I’m a yoga teacher and practitioner. I have a daily yoga practice. “Practice” simply means that I’ve established yoga in my life as a regular activity that I really look forward to. And guess what? So do my cats.
A yoga practice could include any number of things — postures, breathing, meditation, even the practice of certain ethics like nonviolence. My daily yoga practice usually includes postures, breathing, and meditation. But lately it seems that my cats don’t want me to do yoga. Or maybe they just badly want to get into the picture, and in the process teach me a bit of wisdom. Let’s say as far as the wisdom teaching goes, it wouldn’t be the first time.
Marjariasana, a position in yoga, is also called cat tilt (or cat/cow) pose by Shutterstock.com’>
Here’s what I mean.
1. My yoga practice with postures
Yoga postures are usually done on a yoga “sticky” mat, and these mats seem to attract cats without fail. I think my cats love the slight foamy softness of a yoga mat — something they can sink their claws into. It also acts as a definable space on the floor, and many of us know that cats seem to love those definable spaces (think small rugs, boxes, or yoga mats).
Thank goodness I am pretty body aware. Otherwise, I might injure myself when I do yoga. Why? The cats are always on the mat, and I have to keep contorting my poses just to keep going. Many of the poses are standing poses that require feet to be on the mat in certain places. But quite often, there is a cat exactly where a foot needs to go. The cats have the uncanny ability to see into the future when it comes to this. I often end up readjusting both feet. Sometimes one foot has to go off the mat; sometimes both feet are barely on the mat.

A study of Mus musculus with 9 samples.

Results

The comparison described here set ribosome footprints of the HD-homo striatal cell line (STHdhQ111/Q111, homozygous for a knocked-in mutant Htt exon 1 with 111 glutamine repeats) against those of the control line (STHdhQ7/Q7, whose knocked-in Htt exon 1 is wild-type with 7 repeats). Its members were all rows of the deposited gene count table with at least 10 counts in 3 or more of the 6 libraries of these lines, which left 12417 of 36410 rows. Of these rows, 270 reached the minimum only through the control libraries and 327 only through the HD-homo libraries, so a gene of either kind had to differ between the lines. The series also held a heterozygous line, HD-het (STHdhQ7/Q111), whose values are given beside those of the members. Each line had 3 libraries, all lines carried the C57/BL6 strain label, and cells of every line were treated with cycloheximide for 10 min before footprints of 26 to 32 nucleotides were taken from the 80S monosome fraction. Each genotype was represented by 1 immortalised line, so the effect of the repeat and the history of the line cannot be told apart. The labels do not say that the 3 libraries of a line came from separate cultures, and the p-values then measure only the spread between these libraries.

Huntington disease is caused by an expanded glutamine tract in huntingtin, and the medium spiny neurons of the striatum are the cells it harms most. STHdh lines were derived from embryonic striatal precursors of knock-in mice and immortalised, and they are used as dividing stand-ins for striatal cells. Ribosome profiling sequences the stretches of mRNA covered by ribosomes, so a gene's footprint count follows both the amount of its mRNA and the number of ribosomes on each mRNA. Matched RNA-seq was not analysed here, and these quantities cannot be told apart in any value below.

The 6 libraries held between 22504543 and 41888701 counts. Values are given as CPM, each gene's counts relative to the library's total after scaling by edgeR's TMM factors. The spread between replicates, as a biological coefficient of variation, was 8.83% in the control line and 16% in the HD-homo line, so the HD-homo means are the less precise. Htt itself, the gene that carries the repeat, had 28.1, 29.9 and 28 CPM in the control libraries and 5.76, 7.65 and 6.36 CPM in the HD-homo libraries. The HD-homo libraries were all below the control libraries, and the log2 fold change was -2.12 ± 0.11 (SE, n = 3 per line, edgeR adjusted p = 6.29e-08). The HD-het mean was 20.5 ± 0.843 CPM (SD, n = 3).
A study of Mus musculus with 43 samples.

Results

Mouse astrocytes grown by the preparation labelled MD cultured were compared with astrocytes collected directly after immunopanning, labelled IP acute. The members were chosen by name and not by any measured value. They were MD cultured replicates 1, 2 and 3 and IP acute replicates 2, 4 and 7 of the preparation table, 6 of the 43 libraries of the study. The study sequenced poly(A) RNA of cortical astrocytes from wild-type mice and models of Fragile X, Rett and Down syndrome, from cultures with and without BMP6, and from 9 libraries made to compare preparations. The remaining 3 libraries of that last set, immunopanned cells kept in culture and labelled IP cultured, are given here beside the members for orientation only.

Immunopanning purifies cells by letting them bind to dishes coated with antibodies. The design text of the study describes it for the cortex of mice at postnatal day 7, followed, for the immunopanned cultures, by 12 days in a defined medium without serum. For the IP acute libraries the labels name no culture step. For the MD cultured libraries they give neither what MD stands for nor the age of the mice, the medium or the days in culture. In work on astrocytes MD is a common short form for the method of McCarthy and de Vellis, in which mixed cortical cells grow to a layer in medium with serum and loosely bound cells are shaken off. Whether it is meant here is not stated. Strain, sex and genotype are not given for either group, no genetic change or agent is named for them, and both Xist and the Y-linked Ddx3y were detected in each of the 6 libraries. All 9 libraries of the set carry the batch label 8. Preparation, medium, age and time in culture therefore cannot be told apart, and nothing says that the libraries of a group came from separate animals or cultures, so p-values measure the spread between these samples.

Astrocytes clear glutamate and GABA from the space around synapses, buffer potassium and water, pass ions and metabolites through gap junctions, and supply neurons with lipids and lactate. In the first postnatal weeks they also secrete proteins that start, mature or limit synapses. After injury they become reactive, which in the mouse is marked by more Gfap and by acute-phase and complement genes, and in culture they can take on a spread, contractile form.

Why don’t I just move the cat? I guess I am too gentle. And I enjoy their presence. I like to do yoga with them nearby.
Moving into deeper thinking, perhaps the cats are giving me a not-so-subtle lesson in non-attachment (also called non-possessiveness; another one of the yoga ethics). Their presence on my mat forces me to not get too attached to any one way of doing things, and to remain open to the present and to possibilities. I told you they were my teachers.
2. My breathing
Actually, there are very few ways my cats can interfere with my breathing in yoga practice. I suppose if I ended a practice in relaxation pose, and a very heavy cat sat on my chest, he might possibly impair my breathing. My heaviest cat is Rama, but he’s not much for draping himself over me in that way. I’m not sure he’d be heavy enough, anyway.
3. My meditation
Much like a yoga mat, my seated meditation seems to draw the cats right into me. I sit cross-legged on the floor, sometimes seated on a thin cushion to facilitate a straight spine (important for meditation). Often, it’s a matter of moments before a cat sidles up to me and crawls into my lap. The cats who do this are usually Kieran and Jamie. This is particularly special in Jamie’s case, because she’s normally not much of a lap cat. I wonder if there is something about the quiet centering of meditation that the cats pick up on.
I think my cats want me to meditate, because once in my lap, they don’t move. I could probably meditate for two hours without a cat moving, and that would be an accomplishment. (I think the longest I’ve sat in meditation is 45 minutes to an hour). Since I (again) don’t have the heart to move the cat, I instead enjoy their presence. Perhaps they are encouraging me to meditate for longer and longer periods of time — not a bad thing! Being a lazy human, I’m prone to do a five or 10 minute meditation and call it good. With my wise teacher in my lap, however, I’m forced to sit for longer and longer periods of time.
When I first thought about how my cats intersect with my yoga practice, it seemed as if they were interfering with it. But as I flip that on its side, I realize that they’re actually helping me practice yoga — by helping me be less attached to the outcome, to stay in the moment, and to appreciate and be ready for their unique gifts.
Do you do yoga? Does your cat help or hinder your practice? Tell us in the comments.